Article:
Amazon’s glitzy new indoor park is supported by government subsidies, but it will be private property.


In early February, Amazon released plans for its new corporate campus in Arlington, Virginia. The preliminary renderings show several generic glass office buildings clustered around a spire called “the Helix”—an indoor park that will loom 350 feet over Northern Virginia like a giant, twisted strand of DNA. Amazon is presenting the Helix as a companion structure to “the Spheres,” the indoor gardens at its Seattle headquarters. But as a space of consumption and leisure, the Helix actually resembles a lot of classic starchitecture. It is a towering, glass-clad, tree-dotted bauble. The press release announcing its construction comes littered with all the rhetorical bells and whistles of contemporary architecture: The building was designed to foster a sense of community engagement; it will also be sustainable, infusing “nature into the urban landscape” with “lush gardens and flourishing trees native to the region.”

Although Amazon claims to be integrating nature and the community, the Helix, like the Spheres, is not a public park. It is not even a public space in the common sense of the word, because access is strictly and privately controlled. It exists for Amazon employees, and will only be opened to the public for guided tours on select weekends. In that sense, the Helix embodies much of the cynicism of both public relations and architecture. It is a “landmark” that is closed off, isolated, and policed—an architectural testament to corporate power. Like the Vessel, the honeycomb structure at the heart of Manhattan’s luxury megadevelopment Hudson Yards, it masks the complete takeover of a swath of the city and its commons behind an attractive trinket, whose true function is to serve as a site of Instagrammable consumption and free advertising.

The core concept is an old one, called “privately owned public space.” In 1961, New York City offered developers additional square footage if they agreed to make common space accessible to the public, and “privately owned public spaces” sprung up all over the city. Today, they range from walkways to atria to parks. Developers have also promised to include public space in glittering building projects like Hudson Yards or Sunnyside Yard in Queens, New York, in an attempt to drum up goodwill with the community. Some of the public spaces they promised turned out to be highly policed. When the Vessel, for instance, was open to the public, visitors had to sign waivers acknowledging that they might be searched or filmed while there.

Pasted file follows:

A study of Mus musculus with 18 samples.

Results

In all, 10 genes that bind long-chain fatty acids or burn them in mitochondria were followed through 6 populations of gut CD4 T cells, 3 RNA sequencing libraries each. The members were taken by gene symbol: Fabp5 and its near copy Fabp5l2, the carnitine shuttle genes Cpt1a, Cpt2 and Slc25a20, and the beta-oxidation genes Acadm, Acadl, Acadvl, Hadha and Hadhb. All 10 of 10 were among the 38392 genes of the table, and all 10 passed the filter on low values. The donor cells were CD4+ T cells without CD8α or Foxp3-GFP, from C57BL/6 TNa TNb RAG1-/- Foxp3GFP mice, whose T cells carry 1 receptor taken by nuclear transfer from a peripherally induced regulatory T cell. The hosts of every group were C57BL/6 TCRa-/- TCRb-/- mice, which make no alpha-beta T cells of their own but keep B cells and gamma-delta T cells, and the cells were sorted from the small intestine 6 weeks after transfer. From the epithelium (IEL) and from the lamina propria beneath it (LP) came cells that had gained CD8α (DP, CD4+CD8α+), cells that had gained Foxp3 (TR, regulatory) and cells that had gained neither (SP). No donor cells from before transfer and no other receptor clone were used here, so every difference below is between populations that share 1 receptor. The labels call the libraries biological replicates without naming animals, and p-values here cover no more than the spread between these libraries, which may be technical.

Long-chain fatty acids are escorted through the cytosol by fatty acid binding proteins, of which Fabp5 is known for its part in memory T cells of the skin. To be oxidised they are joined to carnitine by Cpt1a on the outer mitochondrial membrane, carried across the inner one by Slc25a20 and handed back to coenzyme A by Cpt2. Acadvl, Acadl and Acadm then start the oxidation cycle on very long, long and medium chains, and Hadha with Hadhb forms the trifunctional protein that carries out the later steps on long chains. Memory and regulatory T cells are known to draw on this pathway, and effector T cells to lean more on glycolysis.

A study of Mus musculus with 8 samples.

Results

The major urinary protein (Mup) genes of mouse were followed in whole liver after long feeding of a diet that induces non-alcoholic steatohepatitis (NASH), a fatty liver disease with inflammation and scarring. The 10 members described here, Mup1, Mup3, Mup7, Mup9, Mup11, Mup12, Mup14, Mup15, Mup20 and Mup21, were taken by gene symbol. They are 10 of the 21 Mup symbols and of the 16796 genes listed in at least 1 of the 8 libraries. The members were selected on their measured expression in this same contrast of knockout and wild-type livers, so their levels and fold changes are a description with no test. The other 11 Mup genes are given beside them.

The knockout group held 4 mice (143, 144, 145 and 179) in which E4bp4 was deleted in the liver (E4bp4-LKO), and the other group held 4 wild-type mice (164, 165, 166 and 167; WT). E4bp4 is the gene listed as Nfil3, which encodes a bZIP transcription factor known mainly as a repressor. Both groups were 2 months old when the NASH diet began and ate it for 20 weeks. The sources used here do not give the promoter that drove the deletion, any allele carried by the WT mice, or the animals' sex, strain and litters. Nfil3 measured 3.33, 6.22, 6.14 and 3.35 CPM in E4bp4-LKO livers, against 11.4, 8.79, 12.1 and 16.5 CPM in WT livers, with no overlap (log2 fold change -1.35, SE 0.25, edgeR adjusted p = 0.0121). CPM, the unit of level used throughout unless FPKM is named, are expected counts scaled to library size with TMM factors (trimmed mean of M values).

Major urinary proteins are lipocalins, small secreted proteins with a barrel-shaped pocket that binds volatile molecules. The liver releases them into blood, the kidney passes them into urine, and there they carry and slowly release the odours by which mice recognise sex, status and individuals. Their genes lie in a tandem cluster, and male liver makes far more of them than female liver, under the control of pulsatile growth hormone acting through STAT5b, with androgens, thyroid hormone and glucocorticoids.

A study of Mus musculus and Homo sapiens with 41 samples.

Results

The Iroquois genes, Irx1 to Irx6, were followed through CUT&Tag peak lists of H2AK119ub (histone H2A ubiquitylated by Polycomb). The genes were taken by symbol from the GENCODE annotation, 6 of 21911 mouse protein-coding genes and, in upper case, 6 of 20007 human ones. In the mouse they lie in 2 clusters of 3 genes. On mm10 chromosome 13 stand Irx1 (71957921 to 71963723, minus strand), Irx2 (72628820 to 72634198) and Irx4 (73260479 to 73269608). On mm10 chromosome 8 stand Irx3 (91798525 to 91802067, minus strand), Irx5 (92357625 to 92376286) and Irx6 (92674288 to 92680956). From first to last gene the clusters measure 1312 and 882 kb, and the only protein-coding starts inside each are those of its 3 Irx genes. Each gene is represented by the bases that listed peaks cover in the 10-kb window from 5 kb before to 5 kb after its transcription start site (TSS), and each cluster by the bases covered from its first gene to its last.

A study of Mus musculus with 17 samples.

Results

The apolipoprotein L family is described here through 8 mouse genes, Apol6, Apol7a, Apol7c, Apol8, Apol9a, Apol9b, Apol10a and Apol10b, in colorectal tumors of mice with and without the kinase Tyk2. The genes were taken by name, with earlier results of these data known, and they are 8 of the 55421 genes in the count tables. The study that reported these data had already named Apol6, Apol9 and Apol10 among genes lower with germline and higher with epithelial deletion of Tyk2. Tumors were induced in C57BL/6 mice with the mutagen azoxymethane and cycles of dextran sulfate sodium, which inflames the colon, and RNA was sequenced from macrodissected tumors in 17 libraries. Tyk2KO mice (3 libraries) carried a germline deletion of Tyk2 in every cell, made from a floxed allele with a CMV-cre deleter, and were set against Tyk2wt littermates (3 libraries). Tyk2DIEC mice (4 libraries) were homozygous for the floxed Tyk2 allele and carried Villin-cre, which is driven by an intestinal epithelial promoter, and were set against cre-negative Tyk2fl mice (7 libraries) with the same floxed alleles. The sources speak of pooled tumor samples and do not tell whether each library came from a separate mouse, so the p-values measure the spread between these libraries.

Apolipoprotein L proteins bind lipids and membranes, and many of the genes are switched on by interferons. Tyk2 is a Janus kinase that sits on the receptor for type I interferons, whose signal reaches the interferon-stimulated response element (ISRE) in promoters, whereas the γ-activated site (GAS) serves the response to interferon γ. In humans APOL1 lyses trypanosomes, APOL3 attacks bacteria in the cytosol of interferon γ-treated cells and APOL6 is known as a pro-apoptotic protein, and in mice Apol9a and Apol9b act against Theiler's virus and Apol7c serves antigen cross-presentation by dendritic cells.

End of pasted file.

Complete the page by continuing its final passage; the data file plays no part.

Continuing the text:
This strange, blurred line between private and public has become a fixture of tech campuses. Facebook has promised to build a grocery store and pharmacy, a hotel, and a “town square” with bike paths and a dog park to serve the community around its Willow Campus in Menlo Park, California. Alphabet’s (thankfully failed) redevelopment project, Sidewalk Toronto, would have included parks, plazas, open spaces, and a redeveloped riverfront. (The project fell through after the public learned that the company would be filming and analyzing traffic flow in what amounted to a massive, Orwellian data-collection scheme.) Alphabet subsidiary Google has since continued its development plans in other cities, including New York, where the tech giant is redeveloping Pier 57 with a public market, science center, and rooftop garden.

Amazon, for its part, will claim up to $750 million in subsidies from the commonwealth of Virginia, promising to bring thousands of jobs and build a campus that will enrich the local community. But aside from 2.5 acres of outdoor green space (a rare concession by Amazon’s corporate overlords), most of the campus will remain under lock and key. The truth is, Amazon’s goal is not to be of the city, but to be the city—to control the commons and the land it sits on. The Helix serves as a convenient distraction, greenwashing the fact that Amazon and its massive logistics empire, which spews CO2 into the air, are anything but sustainable. It, quite simply, exists to say “we are a good company”—even though Amazon is notorious for the hellish conditions in its endless, faceless warehouses, whose invisible architecture is so different from the glittering spire of the Helix, and yet, so much more essential to Jeff Bezos’s world-conquering vision.